Focus takes time

Throughout the first 8 weeks of life, your baby is still learning how to make their eyes work together[1]. You will notice that your baby cannot track objects as they move or move their eyes easily from one object to another.

8-week-old infants can point their eyes (converge) at objects that are approximately 15 centimeters away from their face. This will be too difficult if the objects are closer than 15 centimeters[2].

It may be normal for the eyes to sometimes wander or appear cross-eyed. Do make sure to mention to a health professional at one of your review appointments if an eye appears to turn in or out some or all the time[3].

As eye-hand coordination develops, your baby starts tracking moving objects with his or her eyes and reaching for them. If you do not notice this happening consistently by age 3 months, talk with your paediatrician[4].

At around 4 months of age, babies have now developed clearer vision and the ability to change fixation from one object to another without moving their head[5]

Seeing close, seeing far

Babies cannot see very well far away, and in fact, can only see close to start off with. At birth, your baby will have blurry vision, do not be concerned if your baby is not making direct eye contact with you[6].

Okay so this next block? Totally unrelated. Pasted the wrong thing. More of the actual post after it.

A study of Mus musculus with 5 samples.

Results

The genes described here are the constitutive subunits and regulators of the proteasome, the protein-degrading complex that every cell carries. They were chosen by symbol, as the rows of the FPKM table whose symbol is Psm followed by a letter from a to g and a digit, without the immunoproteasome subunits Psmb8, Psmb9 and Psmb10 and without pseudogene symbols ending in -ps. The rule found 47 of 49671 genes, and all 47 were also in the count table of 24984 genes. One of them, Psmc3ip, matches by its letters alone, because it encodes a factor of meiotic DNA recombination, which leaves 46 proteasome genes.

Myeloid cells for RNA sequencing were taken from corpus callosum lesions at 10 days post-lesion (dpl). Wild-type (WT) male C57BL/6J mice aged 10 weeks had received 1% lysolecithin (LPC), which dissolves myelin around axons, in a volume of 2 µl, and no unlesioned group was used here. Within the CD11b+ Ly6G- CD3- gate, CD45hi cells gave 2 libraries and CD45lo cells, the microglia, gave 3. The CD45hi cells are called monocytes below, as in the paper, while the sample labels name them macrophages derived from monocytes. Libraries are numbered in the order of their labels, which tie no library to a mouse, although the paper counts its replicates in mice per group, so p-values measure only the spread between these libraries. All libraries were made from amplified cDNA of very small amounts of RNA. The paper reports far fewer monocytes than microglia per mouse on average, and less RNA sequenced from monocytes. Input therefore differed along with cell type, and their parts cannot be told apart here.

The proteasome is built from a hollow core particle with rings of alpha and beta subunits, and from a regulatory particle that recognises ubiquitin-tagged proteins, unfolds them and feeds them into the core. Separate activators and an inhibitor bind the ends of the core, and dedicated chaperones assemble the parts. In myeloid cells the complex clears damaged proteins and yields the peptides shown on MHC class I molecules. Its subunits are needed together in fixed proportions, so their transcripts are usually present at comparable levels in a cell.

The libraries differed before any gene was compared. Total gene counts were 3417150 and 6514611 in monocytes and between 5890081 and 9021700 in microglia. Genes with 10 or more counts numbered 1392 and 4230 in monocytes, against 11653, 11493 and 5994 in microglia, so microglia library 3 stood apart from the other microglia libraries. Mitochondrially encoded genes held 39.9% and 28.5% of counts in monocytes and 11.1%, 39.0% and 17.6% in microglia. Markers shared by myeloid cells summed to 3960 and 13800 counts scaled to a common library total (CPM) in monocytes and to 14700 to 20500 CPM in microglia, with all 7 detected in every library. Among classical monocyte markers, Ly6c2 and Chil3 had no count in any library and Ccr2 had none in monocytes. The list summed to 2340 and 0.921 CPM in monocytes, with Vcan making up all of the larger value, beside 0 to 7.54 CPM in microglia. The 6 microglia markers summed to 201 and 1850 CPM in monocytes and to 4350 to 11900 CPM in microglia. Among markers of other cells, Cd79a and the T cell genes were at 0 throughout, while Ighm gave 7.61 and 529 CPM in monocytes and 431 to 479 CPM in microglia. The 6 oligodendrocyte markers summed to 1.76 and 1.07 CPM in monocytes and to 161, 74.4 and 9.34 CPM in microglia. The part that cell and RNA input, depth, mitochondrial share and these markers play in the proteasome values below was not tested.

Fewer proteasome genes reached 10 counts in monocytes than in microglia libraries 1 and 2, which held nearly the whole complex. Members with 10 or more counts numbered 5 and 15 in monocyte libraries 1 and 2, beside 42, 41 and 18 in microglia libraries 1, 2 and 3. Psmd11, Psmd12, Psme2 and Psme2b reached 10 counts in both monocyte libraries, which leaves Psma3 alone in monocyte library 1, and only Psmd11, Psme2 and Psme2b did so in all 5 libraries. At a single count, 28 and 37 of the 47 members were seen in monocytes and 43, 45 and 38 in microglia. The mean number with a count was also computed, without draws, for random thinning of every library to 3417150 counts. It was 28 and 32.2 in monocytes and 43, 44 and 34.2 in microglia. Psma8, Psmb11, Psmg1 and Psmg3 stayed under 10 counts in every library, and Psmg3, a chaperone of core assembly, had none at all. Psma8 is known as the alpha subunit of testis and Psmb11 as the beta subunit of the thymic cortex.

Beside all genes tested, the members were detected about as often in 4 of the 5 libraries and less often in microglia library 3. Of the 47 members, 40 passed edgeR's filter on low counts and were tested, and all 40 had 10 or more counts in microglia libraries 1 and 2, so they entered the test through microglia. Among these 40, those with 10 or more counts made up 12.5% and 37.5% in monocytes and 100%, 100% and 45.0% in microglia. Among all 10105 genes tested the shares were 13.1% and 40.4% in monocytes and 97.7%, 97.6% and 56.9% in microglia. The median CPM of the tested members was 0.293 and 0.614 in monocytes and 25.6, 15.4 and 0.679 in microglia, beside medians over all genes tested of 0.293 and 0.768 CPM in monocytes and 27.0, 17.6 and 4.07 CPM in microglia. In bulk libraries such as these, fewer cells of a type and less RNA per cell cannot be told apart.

By about 8 weeks they will begin to focus their eyes more easily on faces near them[3].

Your baby should blink in response to bright light[6].

At 1 month, their tears begin to work[1].

Happy baby smiling at parents

Recognising patterns & colours

At birth, your baby can only see in black and white.

As they grow, they develop the ability to see light and dark variations[1], and you will see your baby start to take an interest in objects with high contrast, black-and-white patterns.

[1] Eye Concerns in New Babies, About Kids Health (Oct 2009),

[2] Vision in infants, Brianna McGee, Rachel Wu, Ph.D. University of California, Riverside

[3] Infant Vision: Birth to 24 Months of Age, American Optometric Association (2021), from

[4] Vision Development: Newborn to 12 months, American Academy of Ophthalmology (2021),

[5]Plano; A timeline of Your Infant’s Vision Development, Oct, 2019,

[6] Bowman R. Assessing vision in a baby. Community Eye Health. 2016;29(93):16-17.